Gender Integration: Fostering More Equitable Health Information Systems

Integrating a gender perspective is one of the most effective ways to promote gender equity at all levels of a health information system (HIS). Gender integration in HIS aims to ensure that all people, regardless of gender, and those marginalized due to gender-related norms can influence, participate in, and benefit from HIS efforts [1]. The Country Health Information Systems and Data Use (CHISU) program understands the importance of disaggregating HIS data during collection, analysis, and use to ensure that health systems foster greater equity rather than perpetuating inequities. Further,  when decision-makers examine health inequities, they are better able to translate data into decisions that support equitable policies, increase demand for equity data, and inform health programming.  


Ouattara Fatoumata, a midwife, checks data entries on her cell phone.
Ouattara Fatoumata, a midwife in Cote d’Ivoire, checks data entries on her cell phone. CHISU is supporting the country's Ministry of Health as they transition their COVID-19 response from an emergency to a routine response.


CHISU has been intentionally and systematically integrating gender considerations in HIS strengthening interventions since its inception. The program is doing this through implementation of its Gender Plan, which includes examples, resources, and recommendations of how to institutionalize gender throughout its activities and four strategic areas: HIS governance, data availability and interoperability of systems, data quality and use,  and local organizational capacity enhancement. All CHISU staff participate in a gender training as part of their orientation process, and technical staff are supported through consultations with gender specialists and a detailed gender integration guide. 

This internal integration guide walks technical leads through a process of identifying how each activity may influence or be influenced by gender disparities, power imbalances, and data collection, analysis, and use. The interactive guide has prompts to generate discussion that allows staff to consider which gender considerations to include in their activity planning and reporting. For example, if an activity provides support or technical assistance for HIS strategy or strategic plan development, readers of the guide are prompted with the following ideas for gender integration:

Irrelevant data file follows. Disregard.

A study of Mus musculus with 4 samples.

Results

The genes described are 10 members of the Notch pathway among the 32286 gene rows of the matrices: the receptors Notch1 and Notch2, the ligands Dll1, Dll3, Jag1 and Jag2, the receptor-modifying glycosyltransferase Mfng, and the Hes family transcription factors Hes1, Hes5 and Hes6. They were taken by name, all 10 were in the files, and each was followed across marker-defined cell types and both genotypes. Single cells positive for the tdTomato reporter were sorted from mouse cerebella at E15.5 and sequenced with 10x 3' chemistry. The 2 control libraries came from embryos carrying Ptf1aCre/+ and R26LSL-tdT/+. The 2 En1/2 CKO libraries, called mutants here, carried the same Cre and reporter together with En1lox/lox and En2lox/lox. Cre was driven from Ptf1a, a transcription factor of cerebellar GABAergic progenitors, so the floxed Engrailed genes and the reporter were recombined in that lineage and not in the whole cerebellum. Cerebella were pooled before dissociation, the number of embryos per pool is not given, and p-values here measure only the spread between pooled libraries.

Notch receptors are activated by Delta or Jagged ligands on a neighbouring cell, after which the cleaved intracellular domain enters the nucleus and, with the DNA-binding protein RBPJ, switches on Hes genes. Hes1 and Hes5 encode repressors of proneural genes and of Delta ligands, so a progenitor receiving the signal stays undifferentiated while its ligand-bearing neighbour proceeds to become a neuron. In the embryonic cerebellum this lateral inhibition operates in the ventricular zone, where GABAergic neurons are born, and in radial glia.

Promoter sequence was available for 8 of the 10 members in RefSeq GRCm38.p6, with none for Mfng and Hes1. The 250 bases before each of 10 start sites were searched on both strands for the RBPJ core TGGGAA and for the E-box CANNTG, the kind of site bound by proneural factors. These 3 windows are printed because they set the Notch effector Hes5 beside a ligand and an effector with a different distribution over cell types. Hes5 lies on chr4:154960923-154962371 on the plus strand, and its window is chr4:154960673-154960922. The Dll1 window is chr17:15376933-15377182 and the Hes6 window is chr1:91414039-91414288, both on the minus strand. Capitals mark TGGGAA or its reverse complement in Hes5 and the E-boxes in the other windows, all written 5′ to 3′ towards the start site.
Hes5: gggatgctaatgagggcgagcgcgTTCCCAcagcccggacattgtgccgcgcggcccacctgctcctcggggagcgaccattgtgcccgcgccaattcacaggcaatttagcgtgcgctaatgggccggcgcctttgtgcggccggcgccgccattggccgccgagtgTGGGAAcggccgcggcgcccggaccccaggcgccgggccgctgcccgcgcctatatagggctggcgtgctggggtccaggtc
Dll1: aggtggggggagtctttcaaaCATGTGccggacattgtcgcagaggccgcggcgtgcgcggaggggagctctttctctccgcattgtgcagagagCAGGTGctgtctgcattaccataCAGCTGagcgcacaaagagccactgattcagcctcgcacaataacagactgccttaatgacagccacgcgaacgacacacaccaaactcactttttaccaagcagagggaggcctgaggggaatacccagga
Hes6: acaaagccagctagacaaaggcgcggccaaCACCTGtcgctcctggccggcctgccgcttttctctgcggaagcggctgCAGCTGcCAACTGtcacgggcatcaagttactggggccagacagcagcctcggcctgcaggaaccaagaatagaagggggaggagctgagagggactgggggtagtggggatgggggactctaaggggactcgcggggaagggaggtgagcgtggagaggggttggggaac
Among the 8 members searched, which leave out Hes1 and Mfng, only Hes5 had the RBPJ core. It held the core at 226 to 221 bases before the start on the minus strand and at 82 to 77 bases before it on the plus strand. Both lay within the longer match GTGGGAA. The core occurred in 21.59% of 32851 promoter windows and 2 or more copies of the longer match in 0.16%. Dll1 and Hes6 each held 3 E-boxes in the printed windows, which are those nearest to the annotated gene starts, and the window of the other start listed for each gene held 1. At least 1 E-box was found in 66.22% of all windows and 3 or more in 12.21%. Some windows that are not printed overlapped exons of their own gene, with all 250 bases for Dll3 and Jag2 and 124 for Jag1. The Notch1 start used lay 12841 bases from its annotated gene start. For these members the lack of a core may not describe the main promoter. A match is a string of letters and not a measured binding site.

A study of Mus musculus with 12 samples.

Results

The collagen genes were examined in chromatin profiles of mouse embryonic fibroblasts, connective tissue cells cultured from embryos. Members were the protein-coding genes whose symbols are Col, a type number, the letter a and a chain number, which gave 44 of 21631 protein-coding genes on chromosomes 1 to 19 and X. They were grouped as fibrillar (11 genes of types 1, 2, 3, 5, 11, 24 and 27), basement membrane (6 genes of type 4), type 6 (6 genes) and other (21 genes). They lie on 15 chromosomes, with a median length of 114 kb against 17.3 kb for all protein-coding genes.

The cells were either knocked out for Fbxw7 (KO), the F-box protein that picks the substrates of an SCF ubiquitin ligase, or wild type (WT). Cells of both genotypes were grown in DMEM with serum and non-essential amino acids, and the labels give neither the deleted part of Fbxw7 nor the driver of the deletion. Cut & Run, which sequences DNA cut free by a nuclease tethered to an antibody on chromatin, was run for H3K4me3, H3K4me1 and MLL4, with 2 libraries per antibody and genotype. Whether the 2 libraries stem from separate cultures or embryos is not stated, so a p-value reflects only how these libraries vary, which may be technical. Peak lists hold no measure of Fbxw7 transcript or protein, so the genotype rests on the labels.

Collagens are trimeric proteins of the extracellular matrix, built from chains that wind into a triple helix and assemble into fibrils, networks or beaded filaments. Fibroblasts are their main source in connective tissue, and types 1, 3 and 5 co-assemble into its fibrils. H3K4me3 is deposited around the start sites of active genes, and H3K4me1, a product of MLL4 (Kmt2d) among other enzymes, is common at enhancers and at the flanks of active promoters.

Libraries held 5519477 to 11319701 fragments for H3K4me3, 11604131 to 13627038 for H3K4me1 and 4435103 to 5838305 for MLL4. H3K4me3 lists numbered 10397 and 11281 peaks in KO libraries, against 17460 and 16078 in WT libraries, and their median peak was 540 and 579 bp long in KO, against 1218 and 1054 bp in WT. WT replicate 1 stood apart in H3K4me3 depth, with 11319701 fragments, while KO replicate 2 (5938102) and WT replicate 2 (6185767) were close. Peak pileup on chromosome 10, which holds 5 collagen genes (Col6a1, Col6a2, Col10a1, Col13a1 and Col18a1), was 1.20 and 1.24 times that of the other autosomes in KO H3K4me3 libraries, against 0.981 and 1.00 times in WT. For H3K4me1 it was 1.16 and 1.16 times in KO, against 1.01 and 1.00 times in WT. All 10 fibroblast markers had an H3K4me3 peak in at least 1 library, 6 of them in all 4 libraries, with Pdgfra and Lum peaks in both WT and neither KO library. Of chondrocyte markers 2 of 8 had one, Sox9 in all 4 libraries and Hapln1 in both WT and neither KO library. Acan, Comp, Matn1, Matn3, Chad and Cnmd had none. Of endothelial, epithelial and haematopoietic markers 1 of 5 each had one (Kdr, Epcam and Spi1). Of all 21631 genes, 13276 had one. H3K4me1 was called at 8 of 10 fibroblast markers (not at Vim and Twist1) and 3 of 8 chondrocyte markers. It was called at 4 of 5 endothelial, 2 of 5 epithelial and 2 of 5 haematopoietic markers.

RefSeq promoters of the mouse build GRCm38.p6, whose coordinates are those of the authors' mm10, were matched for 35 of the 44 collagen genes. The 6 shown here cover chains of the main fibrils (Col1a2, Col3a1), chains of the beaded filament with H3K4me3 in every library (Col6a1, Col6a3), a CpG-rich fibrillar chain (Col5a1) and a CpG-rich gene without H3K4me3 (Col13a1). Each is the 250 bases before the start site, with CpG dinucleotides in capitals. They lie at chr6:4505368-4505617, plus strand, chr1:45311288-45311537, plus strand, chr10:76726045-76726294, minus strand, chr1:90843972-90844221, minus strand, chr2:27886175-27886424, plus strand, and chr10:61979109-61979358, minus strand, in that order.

• Discussing the importance of gender and health in the HIS strategy
  • Institutionalizing the collection and use of sex- or gender-disaggregated data 
  • Include gender in resource mapping and budgeting, particularly because resource allocation for gender mainstreaming often falls short

Over the first two years of the project, CHISU has seen demonstrated growth of activities and staff awareness of gender in HIS. For example, CHISU has supported a focus on gender being written into a data analyst job description in the Ministry of Health in Serbia, newly implemented gender awareness and parity tracking for digital device distribution in Niger, and workshop adaptations to support breastfeeding breaks to allow full participation of female community health workers in Burkina Faso. Sex disaggregation is now included in Mali’s integrated data management system for COVID-19 data, and teams have progressed from merely tracking the number of female and male participants to identifying  gaps in women’s participation and advocating with local stakeholders to invite or support more women to attend. 

By ensuring that gender is a central component of all HIS strengthening, digital transformation, and health system leadership, CHISU’s commitment to gender integration will help promote equitable health and the well-being of all citizens.  



Bloom, S. S. 2018. Improving Gender Equity and Health Outcomes by Addressing Gender in Health Information Systems. Chapel Hill, NC: MEASURE Evaluation.